Condition of Mr. Segundo: Puzzled by cyberspace.
Author: William Gibson
Subjects Discussed: Coats, blankets, and carapaces in Gibson’s fiction, textures, characters with shaved heads, on not having technological issues, the Apple Store, cell phones and the natural street state, obsolete technology and thrift shops, ZX81s, VR, sitting atop the technological anthill, the internal combustion engine, how to escape being handcuffed with a piece of a ball point pen, the origin of Blue Ant, color taxonomies, Belgians, locative art, rock ‘n roll novels from the 1960s, the downsides of sitting in a SFWA suite, Bobby Chombo, cigarettes, Cory Doctorow, GPS plausibilities, celebrity deaths, Philip K. Dick, Milgram and Dr. Stanley Milgrim, Norman Cohn’s The Pursuit of the Millennium, ghostly connections between Pattern Recognition and Spook Country, tripartite plot structures, writing while not knowing what was in the suitcase, extra-terrestrial artifacts in Baghdad, how to confuse John Clute, the historical record being determined by Wikipedia and Google results, Google Maps and street view, lonelygirl15, YouTube, Japanese behavioral protocols, responding to Ed Park’s theory about the old man and Win being the same character, unreliable narrators, and Iain Sinclair.
EXCERPT FROM SHOW:
Correspondent: We were talking about the nature of blankets and coats that are in your work, that often protect the characters’ bodies.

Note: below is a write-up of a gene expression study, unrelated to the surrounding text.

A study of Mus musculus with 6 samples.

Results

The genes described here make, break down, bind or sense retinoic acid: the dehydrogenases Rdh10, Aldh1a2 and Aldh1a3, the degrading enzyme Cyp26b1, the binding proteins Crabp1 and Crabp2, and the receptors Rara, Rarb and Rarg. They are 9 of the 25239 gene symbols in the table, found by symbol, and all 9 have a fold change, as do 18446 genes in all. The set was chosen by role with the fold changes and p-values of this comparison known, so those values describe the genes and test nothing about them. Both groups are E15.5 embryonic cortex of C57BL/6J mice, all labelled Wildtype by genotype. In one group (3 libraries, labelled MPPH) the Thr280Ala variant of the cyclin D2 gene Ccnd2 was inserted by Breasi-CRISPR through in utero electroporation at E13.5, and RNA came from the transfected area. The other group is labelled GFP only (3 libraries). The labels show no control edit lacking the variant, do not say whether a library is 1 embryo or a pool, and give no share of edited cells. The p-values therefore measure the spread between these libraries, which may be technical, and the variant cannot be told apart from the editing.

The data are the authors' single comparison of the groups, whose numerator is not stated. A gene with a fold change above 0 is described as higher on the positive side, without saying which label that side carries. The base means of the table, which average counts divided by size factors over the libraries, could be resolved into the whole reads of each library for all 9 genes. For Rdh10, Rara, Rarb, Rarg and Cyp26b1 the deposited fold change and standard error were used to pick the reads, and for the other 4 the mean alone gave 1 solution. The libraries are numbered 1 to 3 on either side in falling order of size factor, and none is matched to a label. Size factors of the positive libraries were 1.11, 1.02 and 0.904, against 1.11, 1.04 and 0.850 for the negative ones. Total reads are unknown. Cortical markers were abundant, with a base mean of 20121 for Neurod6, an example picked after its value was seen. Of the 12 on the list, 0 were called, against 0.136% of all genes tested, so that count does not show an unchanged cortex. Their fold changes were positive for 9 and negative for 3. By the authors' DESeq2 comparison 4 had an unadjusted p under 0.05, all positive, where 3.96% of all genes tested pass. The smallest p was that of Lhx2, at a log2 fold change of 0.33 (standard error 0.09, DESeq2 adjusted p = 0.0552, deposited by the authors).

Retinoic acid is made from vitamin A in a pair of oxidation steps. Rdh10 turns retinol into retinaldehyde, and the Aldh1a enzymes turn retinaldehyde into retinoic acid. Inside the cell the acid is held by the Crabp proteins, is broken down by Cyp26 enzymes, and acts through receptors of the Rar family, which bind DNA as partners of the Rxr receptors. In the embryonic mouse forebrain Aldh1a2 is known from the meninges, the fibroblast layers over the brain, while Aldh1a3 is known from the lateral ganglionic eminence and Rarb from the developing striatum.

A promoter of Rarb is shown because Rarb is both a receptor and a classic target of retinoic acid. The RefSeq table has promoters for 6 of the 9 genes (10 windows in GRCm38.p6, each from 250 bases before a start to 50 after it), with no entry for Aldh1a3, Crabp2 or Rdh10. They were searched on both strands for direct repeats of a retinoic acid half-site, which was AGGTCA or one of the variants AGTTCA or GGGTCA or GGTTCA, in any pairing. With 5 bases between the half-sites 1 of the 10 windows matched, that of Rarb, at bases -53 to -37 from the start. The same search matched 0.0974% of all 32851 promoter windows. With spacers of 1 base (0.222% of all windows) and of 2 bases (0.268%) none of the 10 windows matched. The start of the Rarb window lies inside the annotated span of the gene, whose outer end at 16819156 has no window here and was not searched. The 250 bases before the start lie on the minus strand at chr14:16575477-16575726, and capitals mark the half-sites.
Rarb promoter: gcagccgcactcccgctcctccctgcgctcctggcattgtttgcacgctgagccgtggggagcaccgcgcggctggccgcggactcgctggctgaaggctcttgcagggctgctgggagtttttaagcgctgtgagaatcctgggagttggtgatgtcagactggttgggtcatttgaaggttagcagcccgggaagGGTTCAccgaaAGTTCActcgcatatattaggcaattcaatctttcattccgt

Gibson: Warmy blankies in the work of William Gibson! Well, did you notice that a lot? Is it just that book? Is there something I’ve been…?
Correspondent: It’s also in Pattern Recognition, with Cayce and her — the blanket that she actually shifts with as well.
Correspondent: That industrial. And then she eventually goes back to natural blankets near the end.
Gibson: Could this be — could this be the 21st century equivalent of rain-soaked neon?
Correspondent: It could be.
Gibson: The warmy blanky? Maybe so. Maybe so.
Correspondent: Well, maybe it goes back to Neuromancer. Cyberspace back then was very much a matter of being plugged directly in the Internet, before it was known as the Internet.
Gibson: Yeah, but it was never envisioned as a warmy blanky! (laughs)
Correspondent: No, but we’re talking very much about sort of this whole idea of the body protected against things. I mean, you also have a lot of side characters in your books that often have shaved heads. And there’s actually the moment in this where Milgrim actually gets a haircut as well.
Gibson: That’s right.
Correspondent: I’m wondering how these textural elements relate to some of these, I guess, more corporeal ones.
Gibson: Well, not consciously. I mean, not that consciously. I think you’ve moved into the area of unconscious expression on the artist’s part. I mean, maybe, for twenty-five years, I’ve been working up my nerve to shave my head.
Gibson: Not yet, but soon. But I don’t know. Those are truly, you know — usually when people say they have questions I haven’t been asked before, it’s not true. You’ve actually managed to do it.